Dare to Lead: The Transformation of Marketing

By Julie Schwartz, ITSMA, jschwartz@itsma.com

Marketing has finally come of age, leaving the data sheets, parties, and swag behind and stepping up to lead the business. But like many young adults today, marketing still has a lot of growing up to do. Despite its improved standing in the organization, the transformation of marketing is not complete. Senior managers still don’t view marketing as contributing where it counts most.

The internal perception of marketing is on the upswing. 8 out of 10 B2B marketers report that their C-level executives’ perception of marketing have improved over the last year. Specifically, marketing is being viewed as more strategic, better aligned with sales, and increasingly insightful, bringing innovation to the business. Marketing’s role in the organization is being expanded. Marketers are taking on additional responsibility for geographic expansion, client engagement initiatives, offering development, and account development.


Still, senior executives—the C-suite and BU leaders—want more. Marketing still isn’t viewed as contributing to strategy development, revenue growth, and shareholder value. Marketing does not do enough to:

  • Provide valuable input the guide business strategy
  • Connect marketing activity to revenue growth
  • Demonstrate and communicate how marketing impacts profitability and shareholder value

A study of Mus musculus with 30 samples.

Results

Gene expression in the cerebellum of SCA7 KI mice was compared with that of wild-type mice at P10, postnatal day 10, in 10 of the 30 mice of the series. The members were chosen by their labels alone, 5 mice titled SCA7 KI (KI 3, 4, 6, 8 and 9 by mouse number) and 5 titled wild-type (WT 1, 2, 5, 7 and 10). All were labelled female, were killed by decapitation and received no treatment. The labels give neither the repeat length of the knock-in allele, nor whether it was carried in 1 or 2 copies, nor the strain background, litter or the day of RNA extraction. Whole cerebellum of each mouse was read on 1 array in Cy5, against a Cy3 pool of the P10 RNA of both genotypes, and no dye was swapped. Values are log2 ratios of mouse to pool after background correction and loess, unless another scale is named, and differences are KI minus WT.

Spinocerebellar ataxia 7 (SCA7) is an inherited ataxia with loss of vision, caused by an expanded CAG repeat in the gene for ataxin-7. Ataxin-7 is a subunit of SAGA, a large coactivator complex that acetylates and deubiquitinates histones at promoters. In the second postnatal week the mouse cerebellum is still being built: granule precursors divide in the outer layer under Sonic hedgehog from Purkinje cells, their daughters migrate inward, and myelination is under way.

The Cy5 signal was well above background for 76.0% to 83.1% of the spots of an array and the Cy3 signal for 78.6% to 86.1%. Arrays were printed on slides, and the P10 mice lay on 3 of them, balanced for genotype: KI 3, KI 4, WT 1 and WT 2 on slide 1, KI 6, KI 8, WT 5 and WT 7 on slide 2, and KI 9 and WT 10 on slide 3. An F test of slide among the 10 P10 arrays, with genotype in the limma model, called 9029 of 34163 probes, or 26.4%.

What these findings point to is a lack of leadership and business acumen among senior marketing ranks. Most marketers don’t know which metrics and outcomes its key stakeholders care about. They are still measuring and reporting marketing activity metrics rather than business outcomes. And they are not providing the insights and data needed to chart strategy.

Marketers need to tap the power of data and analytics to lead the business. ITSMA’s research reveals that marketers currently use data and analytics to measure and report marketing activity, justify and allocate the total marketing budget, and target campaigns to segments most likely to respond,

Here’s what most marketers aren’t doing, but had better start if they want to take a leadership position and be viewed as contributing to business strategy, revenue growth, and profitability:

  • Identify new or emerging customer segments or markets
  • Drive innovation by developing new offerings/solutions
  • Predict customer buying behavior
  • Analyze purchase patterns to prioritize offers made/timing of offers (propensity to buy models)

Marketers have made great strides in the last few years, but there is still work to do to become more relevant to the business. Beware of the middle ground—the place where marketing’s activities are invisible. If you aren’t throwing parties and distributing logo-printed chotskies, you had better be delivering business results.